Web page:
While speculation about the bounce Barack Obama and Mitt Romney will receive from their parties' respective conventions underscores the uniqueness and, in some ways, the odd beauty of American democracy, a closer look at past Republican and Democratic conventions reveals a significant flaw in the history of our democratic process and a continuing peril: brokered conventions in the event no candidate garners a majority of delegates in the primaries and caucuses.
From 1830 through the middle of the last century, the leverage applied by power brokers at national conventions regularly altered the course of American history. In one of many examples, the direction of the country immediately following World War I was indelibly influenced by the kingmakers at the 1920 Republican convention who, in the proverbial smoke-filled room, anointed compromise candidate Warren Harding as their party's standard-bearer. Harding, whose principal qualification for national office was a presidential visage, underperformed meager expectations. Other dark-horse candidates, including Presidents Polk (after whom that term was coined) and Garfield, had not sought the presidency prior to the conventions at which they were nominated.
On more than one occasion, the spectacle of unregulated contention for the nomination spilled onto to the convention floor, as it did at the 1924 Democratic convention, which required 103 ballots over more than two weeks to break the deadlock, with the governors of Colorado and Kentucky engaging in fisticuffs before bewildered delegates. Hostilities have spilled into the streets, as well, as anyone around in 1968 recalls.
Sometimes, however, as with other mutant processes, the results of brokered conventions have been fortuitous. The debacle of the 1860 Democratic Convention serves as an example, where southern delegates reacted to an insufficiently sympathetic plank on slavery by nominating an alternative candidate who siphoned off just enough votes from Democratic nominee Stephen Douglas to result in the election of the Republican candidate: Abraham Lincoln. Another example may be the 1932 Democratic convention in Chicago, where Joseph Kennedy, the ultimate power behind the throne of presidential politics, successfully prevailed upon one of Franklin Roosevelt's two rivals in a close contest for the nomination to withdraw from the race and throw his support to FDR. Absent the Kennedy patriarch's arm-twisting, the course of the war, and the world today, may have been radically different.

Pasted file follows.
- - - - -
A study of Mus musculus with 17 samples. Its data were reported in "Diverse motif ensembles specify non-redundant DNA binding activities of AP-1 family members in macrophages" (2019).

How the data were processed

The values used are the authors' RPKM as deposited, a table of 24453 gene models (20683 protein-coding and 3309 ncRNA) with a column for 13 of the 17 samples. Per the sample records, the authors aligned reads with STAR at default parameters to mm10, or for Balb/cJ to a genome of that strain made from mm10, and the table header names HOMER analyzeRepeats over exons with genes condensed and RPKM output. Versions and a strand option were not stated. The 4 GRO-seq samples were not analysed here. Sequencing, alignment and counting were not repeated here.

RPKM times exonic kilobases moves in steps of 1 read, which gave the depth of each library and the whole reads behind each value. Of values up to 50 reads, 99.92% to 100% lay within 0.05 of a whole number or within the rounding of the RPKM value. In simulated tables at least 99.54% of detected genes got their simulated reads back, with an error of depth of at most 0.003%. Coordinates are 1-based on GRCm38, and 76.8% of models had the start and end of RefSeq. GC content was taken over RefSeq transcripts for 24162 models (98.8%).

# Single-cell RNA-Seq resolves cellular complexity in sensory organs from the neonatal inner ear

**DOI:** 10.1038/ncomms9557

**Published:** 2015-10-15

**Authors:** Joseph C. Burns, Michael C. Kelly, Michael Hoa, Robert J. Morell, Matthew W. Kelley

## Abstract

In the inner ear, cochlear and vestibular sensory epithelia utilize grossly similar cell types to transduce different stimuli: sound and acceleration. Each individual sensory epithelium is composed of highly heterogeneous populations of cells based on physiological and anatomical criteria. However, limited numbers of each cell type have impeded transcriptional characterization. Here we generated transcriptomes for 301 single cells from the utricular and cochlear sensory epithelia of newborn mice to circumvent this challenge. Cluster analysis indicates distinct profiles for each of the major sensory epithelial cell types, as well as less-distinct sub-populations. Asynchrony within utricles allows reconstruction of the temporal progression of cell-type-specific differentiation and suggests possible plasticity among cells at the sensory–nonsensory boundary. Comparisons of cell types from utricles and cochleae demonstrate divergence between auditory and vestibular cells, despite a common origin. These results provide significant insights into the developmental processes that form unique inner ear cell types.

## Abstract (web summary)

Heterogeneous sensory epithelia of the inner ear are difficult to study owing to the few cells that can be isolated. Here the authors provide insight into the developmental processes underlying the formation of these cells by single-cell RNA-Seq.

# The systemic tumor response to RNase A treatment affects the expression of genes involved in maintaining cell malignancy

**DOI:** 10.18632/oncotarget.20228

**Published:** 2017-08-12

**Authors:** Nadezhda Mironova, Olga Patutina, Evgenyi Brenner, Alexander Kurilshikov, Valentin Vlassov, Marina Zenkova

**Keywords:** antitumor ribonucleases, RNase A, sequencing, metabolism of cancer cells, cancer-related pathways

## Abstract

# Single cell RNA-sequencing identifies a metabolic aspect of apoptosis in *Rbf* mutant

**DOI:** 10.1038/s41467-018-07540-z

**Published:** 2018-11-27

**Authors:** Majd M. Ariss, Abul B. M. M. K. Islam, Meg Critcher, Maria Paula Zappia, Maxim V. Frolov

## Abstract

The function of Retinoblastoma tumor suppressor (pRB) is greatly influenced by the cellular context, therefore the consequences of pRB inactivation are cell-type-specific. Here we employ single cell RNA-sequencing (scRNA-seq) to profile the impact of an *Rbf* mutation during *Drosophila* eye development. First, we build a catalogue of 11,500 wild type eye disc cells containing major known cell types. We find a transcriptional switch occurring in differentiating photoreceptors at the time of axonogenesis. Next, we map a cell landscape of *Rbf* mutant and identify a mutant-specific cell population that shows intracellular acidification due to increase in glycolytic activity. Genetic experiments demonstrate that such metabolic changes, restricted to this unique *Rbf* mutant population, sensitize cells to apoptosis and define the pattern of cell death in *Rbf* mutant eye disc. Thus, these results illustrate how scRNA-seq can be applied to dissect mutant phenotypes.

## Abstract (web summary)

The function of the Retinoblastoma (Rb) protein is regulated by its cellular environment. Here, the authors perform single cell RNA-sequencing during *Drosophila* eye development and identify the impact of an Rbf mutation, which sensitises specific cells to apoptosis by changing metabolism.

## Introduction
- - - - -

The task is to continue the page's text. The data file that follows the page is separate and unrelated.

Even so, a tidier procedure for the quadrennial selection of presidential candidates is in order. The modern reforms of the delegate-selection process, however, do not assure a fair and orderly process. Indeed, the specter of candidates and party bosses hijacking the democratic selection of their party's presidential nominee is alive and well. All that's required to replay the seamy past is -- as last occurred with the Democrats in 1952 and the Republicans in 1948, and almost happened again with the Democrats in '76 and the GOP in '84 -- for no candidate to win a majority of delegates.
Following inconclusive balloting, many of the convention delegates of both parties -- most of whom are bound by party rules to vote initially for the primary or caucus winner -- are freed to vote their particular preferences. Then voila -- the horse-trading and arm-twisting begin.
As with most calamities-in-waiting, of course, nothing will be done to eliminate brokered conventions until the next Warren Harding.